Boeing Slows 747 Jumbo Assembly as Big-Plane Market Dwindles

Boeing Co. is paring production of its 747-8 jumbo jet as stalled sales and sluggish demand for freighters have left it with two “white tails,” models that were built and remain unsold.

Boeing hasn’t netted any new 747 orders this year, leaving a planned update of the U.S. presidential fleet as one of its strongest sales options. The Chicago-based company has a backlog of 39 unfilled jumbo orders, about 30 months of production at the revised tempo, Sam Pearlstein, senior analyst at Wells Fargo Securities, said in a note to clients.

The rate cut is the third announced by Boeing for its iconic hump-nosed jet in less than two years as a rebound in the air cargo market that it anticipated has been slow to take hold. Sales of a passenger version have slowed as carriers redesign route networks around more-efficient models such as Boeing’s twin-engine 787-9 Dreamliner and 777.

“The 747 was really built to feed long-haul hubs,” said George Ferguson, a Bloomberg Intelligence senior analyst for air transportation. “More and more we are bypassing those hubs and going direct” to smaller destinations, he said in an e-mail.

While long-haul hubs such as Dubai, London Heathrow and New York’s John F. Kennedy International Airport still attract enough passengers to fill aircraft in the 400- to 500-seat market, “there aren’t enough of them to justify full-scale production of very large aircraft,” Ferguson said.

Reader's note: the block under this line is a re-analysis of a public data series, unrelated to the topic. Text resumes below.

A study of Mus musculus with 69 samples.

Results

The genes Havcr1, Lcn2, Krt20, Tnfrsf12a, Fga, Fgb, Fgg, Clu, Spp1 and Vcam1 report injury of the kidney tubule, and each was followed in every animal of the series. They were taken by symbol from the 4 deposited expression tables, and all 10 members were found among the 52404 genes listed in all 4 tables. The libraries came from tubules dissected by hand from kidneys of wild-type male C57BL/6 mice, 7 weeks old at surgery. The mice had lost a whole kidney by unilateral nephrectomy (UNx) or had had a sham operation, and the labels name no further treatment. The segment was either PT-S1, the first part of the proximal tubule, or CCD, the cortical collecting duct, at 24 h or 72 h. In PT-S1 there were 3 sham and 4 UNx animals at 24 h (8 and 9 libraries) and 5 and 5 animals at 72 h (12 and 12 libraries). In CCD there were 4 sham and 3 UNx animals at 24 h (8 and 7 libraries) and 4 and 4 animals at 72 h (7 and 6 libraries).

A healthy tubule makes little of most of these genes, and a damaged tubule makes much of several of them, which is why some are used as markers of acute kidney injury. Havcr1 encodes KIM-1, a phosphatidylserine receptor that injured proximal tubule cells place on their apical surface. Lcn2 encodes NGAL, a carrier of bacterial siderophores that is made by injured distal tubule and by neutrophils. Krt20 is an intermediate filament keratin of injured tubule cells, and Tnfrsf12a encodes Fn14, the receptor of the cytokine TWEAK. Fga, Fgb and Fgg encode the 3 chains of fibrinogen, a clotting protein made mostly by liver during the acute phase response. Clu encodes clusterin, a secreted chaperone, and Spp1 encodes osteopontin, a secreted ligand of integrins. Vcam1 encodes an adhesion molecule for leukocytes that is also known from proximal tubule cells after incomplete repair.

Boeing plans to slow its factory tempo for the 747-8 in September to 1.3 jets a month from 1.5, Doug Alder, a company spokesman, said today. That would mean building 16 of its biggest-ever planes annually, a reduction of two from the current pace.

‘Minor Adjustment’

“We’re making this minor adjustment because the near-term recovery in the cargo market has not been as robust as expected,” Alder said in an e-mail. “We continue to believe in the long-term strength of the freighter market, and the 747-8 is uniquely positioned to capture this demand.”

Boeing fell 0.5 percent to $129.66 at the close in New York. The shares have declined 5 percent this year as the Standard & Poor’s 500 Index gained 11 percent.

The 747-8 is the latest variant of the aircraft family that revolutionized travel more than 40 years ago with its size and range. A freighter version sells for $368.4 million, while a passenger model has a $367.8 million list price.

‘White Tails’

In a sign of the jet’s struggles, Boeing has stored two brand-new 747s that rolled off its assembly line during the past two months. The aircraft, devoid of any airline markings, are known in aviation parlance as “white tails.”

“We are in active campaigns to place these airplanes, which were built while under contract but canceled by a customer for a variety of reasons,” Alder said.

The jumbo competes with Airbus Group NV’s double-decker A380, another plane that has struggled to find buyers. Larger twin-engine models with upgraded engines can now fly routes once within reach only for jumbos, shrinking the need for the biggest aircraft.

In 2013, Boeing twice reduced the monthly output of the 747-8, whose freighter variant entered commercial service in 2011. The latest cut is “not expected to have a material financial impact,” Chaz Bickers, a Boeing spokesman, said in an e-mail.

The Wall Street Journal reported earlier today on the production cut via a Twitter message.